The big ‘C’ (Afghanistan)

The season's new fashion is in, and this fall, in Afghanistan, it is corruption. Indeed, corruption has become the issue on which the entire international community has descended en masse, to berate, hector, analyse and pontificate. It is no one's contention that corruption is not a serious issue. Unfortunately, as with most seasonal occurrences, it is the symptom that usually catches attention – while leaving the roots of the real disease submerged like an iceberg.

Attention on corruption in Hamid Karzai's government began to gather momentum in the final stages of the electoral process, when it became clear that Karzai would become the next president following a deeply flawed electoral process. In an attempt to overcome the crisis of legitimacy caused by its own inability to take a clear and consistent position on rule of law, the international community, with the US in the lead, has attempted to try and make the Karzai government a better one by calling for action against corruption and linking it to the aid it will give Afghanistan. The UK government began to bleat in unison. Recently, in a well-choreographed performance, the ambassadors of both countries appeared with a galaxy of Afghan officials to announce new anti-corruption measures – in an outpouring of rhetoric that was unable to disguise that nothing was new.

So what are the facts on the ground? While the Karzai government has been ticked off ad nauseum, 80 percent of the money coming into this country is spent not through the government, but directly by the donors. Even if one assumes that the entirety of the government's money is being siphoned off by greedy Afghan officials, this still leaves several billion dollars that could, potentially, have transformed Afghanistan by now. Transparency International has just labelled Afghanistan the second most corrupt country in the world, and other surveys have shown that most Afghans consider this to be a serious problem. However, an earlier survey by Integrity Watch, a reputed Afghan NGO, has revealed that most Afghans would still prefer their own government to spend the funds than have the foreign agencies do it. While documentation on the amount of aid money for Afghanistan that willy-nilly returns to the donor nations is hard to come by, estimates suggest it is upto 40 percent.

This is not to suggest that corruption in the government is not a serious issue. The widespread corruption has undermined institutions of state in the making, leaving them weak and fragmented. For this, however, the international community shares at least equal blame. It has promoted individuals at the expense of institutions, following the principle of having 'our man' in each department, ministry or province.

The US approach on corruption in the Karzai government has also involved leaking the wish list of offenders it wishes to see arrested for corruption, including one of President Karzai's brothers, Ahmed Wali. While symbolic arrests of high-profile Afghans would certainly help to send a political message, the repeated refrains about the president's brother are likely to achieve little apart from getting up the hackles of the president himself, especially since the international community does not appear to have the political will to force the issue. While the links of Ahmed Wali to the drug trade that fuels insurgency in Kandahar (where Wali heads the provincial council) has been written about extensively in the Western media, what is problematic is that he is singled out for a purpose – as a way for the Western donors to use President Karzai for their geo-strategic needs, yet to be seen to be distanced from him for the sake of the domestic critics back home.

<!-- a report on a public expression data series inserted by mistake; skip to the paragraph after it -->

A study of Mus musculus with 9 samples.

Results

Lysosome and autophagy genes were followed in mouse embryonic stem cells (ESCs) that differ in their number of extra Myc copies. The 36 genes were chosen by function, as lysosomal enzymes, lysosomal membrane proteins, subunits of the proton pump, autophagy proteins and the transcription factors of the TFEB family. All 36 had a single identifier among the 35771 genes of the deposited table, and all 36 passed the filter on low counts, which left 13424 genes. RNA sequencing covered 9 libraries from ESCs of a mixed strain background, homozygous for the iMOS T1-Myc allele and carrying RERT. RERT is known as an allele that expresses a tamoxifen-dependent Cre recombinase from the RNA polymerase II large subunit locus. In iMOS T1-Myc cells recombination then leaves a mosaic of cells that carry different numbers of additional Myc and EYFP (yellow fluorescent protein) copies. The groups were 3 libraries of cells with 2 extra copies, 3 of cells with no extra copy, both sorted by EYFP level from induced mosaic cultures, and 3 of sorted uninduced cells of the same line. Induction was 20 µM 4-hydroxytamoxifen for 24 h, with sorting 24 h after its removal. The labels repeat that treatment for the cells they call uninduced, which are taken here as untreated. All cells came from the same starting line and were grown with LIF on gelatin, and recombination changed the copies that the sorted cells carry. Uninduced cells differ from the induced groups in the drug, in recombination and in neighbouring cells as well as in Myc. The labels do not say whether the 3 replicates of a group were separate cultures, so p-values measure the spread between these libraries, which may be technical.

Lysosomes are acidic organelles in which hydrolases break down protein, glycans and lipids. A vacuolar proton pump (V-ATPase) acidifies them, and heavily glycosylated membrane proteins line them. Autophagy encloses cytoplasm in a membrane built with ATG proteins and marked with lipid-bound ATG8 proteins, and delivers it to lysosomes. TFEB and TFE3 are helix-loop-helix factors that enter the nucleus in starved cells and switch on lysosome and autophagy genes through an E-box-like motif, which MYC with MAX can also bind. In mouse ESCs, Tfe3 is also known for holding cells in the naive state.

Needed, but not this way
For ordinary Afghans, it is not corruption by the president's brother nor other powerful people that impacts on their day-to-day life so much as the corruption in institutions they have to deal with frequently, even daily. An Asia Foundation survey this year revealed that one in five Afghans has had to pay bribes in order to access health care and education for their children, either every time or most of the time. Health care and education are considered flagship programmes in terms of their expansion throughout the country, pushed all these years by the donor community.

Unfortunately, signals sent out in recent weeks do not give much hope that there will be significant steps on the issue of corruption. Rather than strengthening institutions and rule of law, both of which are intrinsic to curbing corruption, the international community is looking to compromise on both. Having stamped complete approval on an electoral process that broke the rule of law, the international community is now seriously considering bypassing an inconvenient president and dealing directly with individuals in powerful positions in the regions or provinces. Such a step, without the institutional devolution of power that Afghanistan urgently needs, will only help to breed further centres of corruption, while weakening the state structure even further.

As for the beleaguered president, his panacea for corruption was to announce a conference "to conduct research on this problem". His other step was to announce that the government would dismiss all government employees who are connected to the cultivation and trafficking of illicit drugs, and hand them over to the justice system. It is a pity that convicted drug traffickers, have, as recently as during the campaign period, received presidential pardons when politically expedient. An equal pity is the fact that the US government's civilian representatives have called for Ahmed Wali Karzai's head on a platter as an important step towards curbing corruption – even as the CIA, as recently revealed, has had the gentleman on its payrolls for some time. Where does corruption start and where does it end?